Aerin Rost-NasshanSALISBURY, MD---Aerin Rost-Nasshan discovered her niche in microbiology when she started conducting research at Salisbury University.

The experience of investigating bacterial metabolism and the effects of gene editing in Dr. Michael Carter’s lab helped her develop critical skills such as lab techniques and communication – and see her future career as a professional researcher.

Now a senior in the Biology Program, Rost-Nasshan of Silver Spring, MD, is expanding on those interests. Working alongside Drs. Jennifer Nyland and Christina Bradley of the Biological Sciences Department, she is investigating the environmental conditions of the upper tributaries of the Chesapeake Bay.

Recently, she earned an SU accolade that will help her continue that research.

Rost-Nasshan received the 2022 SU Women’s Circle Educational Enhancement Award. Each year, with support from the Clarke Honors College,the fund awards $1,000 to provide opportunities that undergraduates may not otherwise have. Since it was first offered in 2015, the scholarship has helped students travel to Hawaii to study human impacts on humpback whales, and intern at the United Nations Educational, Scientific and Cultural Organization to combat violent extremism. They have traveled to South Africa to study global health programs and participated in volunteer projects with Habitat for Humanity.

Now, Rost-Nasshan will be able to continue microbiology research for her Honors thesis.

“Doing undergraduate research like this is an important aspect of graduate school qualifications,” Rost-Nasshan said. “This scholarship will help me not only continue to do what I love, but stand out on grad school applications.”

Bacteria can be used as good indicator species to detect pollution, sewer leakage or other environmental health concerns. Rost-Nasshan’s research will provide a baseline for the microbial ecology of the Chesapeake Bay area, which could help later studies looking at differences over time or between areas.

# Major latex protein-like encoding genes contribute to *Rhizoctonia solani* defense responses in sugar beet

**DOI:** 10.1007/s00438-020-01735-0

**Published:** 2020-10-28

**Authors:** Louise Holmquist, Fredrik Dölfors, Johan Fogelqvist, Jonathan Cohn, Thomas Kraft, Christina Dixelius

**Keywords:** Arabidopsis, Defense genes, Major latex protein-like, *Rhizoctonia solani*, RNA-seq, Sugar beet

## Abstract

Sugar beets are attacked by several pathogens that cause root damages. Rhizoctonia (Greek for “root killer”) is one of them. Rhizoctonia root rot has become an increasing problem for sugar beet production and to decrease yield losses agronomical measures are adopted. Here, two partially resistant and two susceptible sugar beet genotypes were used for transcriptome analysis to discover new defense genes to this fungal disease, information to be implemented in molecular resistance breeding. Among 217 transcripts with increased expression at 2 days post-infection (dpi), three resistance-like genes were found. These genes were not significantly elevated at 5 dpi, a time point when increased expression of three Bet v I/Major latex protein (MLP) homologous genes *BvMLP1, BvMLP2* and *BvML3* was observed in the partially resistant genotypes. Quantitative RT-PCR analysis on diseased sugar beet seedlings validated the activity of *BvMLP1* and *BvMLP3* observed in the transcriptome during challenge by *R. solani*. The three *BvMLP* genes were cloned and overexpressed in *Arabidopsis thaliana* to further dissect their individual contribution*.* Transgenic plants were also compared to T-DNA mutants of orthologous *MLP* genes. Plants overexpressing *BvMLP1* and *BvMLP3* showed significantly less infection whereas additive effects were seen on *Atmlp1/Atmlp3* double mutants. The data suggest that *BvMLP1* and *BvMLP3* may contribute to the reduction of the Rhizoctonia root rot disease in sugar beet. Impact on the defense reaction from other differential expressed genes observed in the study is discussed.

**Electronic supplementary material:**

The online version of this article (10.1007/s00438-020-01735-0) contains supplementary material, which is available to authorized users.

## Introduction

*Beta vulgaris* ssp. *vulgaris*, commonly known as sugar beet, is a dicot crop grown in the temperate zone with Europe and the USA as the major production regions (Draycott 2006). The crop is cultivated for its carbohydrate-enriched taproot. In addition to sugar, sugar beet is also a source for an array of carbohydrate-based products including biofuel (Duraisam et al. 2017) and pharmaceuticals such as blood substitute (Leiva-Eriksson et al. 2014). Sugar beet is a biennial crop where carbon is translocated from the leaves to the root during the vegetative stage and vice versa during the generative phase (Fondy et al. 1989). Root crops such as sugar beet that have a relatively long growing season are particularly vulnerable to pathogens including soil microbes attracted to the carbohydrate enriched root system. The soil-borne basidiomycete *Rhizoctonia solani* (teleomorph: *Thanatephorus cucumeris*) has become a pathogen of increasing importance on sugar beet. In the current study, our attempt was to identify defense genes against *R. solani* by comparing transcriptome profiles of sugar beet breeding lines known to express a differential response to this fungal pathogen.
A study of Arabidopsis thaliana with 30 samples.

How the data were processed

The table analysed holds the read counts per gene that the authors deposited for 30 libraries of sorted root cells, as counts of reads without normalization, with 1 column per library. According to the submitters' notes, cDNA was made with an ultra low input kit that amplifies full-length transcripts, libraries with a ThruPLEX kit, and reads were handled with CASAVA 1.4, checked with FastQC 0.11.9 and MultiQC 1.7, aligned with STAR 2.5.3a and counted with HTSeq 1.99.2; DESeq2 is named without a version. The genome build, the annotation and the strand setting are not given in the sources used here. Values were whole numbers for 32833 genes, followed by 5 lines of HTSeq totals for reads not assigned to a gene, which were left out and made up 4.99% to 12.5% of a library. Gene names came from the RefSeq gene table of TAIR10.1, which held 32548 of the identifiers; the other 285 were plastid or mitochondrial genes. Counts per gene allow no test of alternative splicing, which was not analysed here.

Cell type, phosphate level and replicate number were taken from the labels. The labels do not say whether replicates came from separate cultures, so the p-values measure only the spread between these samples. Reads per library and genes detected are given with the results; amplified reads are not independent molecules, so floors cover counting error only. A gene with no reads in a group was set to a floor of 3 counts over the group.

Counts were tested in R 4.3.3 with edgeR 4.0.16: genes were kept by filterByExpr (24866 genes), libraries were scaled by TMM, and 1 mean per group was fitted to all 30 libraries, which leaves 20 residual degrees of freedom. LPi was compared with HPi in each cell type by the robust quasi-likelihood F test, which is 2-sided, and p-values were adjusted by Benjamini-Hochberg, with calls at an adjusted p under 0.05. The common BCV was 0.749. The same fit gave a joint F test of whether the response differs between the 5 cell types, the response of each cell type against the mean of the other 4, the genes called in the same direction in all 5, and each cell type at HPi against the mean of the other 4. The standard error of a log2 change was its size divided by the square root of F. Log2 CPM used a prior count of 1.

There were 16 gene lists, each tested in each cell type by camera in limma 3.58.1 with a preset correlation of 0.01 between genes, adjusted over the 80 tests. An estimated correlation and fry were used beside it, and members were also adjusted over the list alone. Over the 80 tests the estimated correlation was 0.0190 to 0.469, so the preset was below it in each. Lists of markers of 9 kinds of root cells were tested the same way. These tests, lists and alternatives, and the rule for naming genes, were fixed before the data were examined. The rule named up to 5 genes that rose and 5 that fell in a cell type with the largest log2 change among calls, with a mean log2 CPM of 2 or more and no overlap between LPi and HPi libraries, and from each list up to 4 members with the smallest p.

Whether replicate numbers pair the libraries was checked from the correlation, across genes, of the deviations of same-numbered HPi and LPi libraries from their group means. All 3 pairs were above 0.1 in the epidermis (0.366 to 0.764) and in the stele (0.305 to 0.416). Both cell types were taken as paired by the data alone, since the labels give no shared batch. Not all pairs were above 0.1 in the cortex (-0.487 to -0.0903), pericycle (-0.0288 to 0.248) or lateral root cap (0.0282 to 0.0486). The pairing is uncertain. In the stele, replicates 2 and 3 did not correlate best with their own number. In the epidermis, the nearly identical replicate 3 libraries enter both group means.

“The project’s importance is in what it can tell us in the future,” she said.

The study involves eight sample sites in the upper tributaries of the Chesapeake Bay, and the team will need DNA extraction kits and sequencing to complete it. The scholarship contributes toward funding both, so Rost-Nasshan will be able to process enough samples to produce reliable results.

“I was very excited about the scholarship, which lifted a huge burden for me and opened up new doors,” Aerin said. “It allowed me to jump right into the research.”

Aerin recently spoke about her experiences at the SU Women’s Circle’s Peer-2-Peer welcome back event. The Women’s Circle is a group of professional women, from campus and the community, who meet for professional development and networking opportunities.

“The women at the event, especially SU President Carolyn Ringer Lepre and Dr. Lawanda Dockins-Mills, were very supportive and made me feel comfortable,” Aerin said.

Sponsored by the Bank of Delmarva, the Educational Enhancement Award fund allows the Women’s Circle to positively affect the lives of SU students and connect them with experiences that will impact their futures. Through the award, SU students have been able to participate in research projects, study abroad, volunteer trips, community service, experiential learning, internships and conferences.

Learn more about opportunities to Make Tomorrow Yours at SU.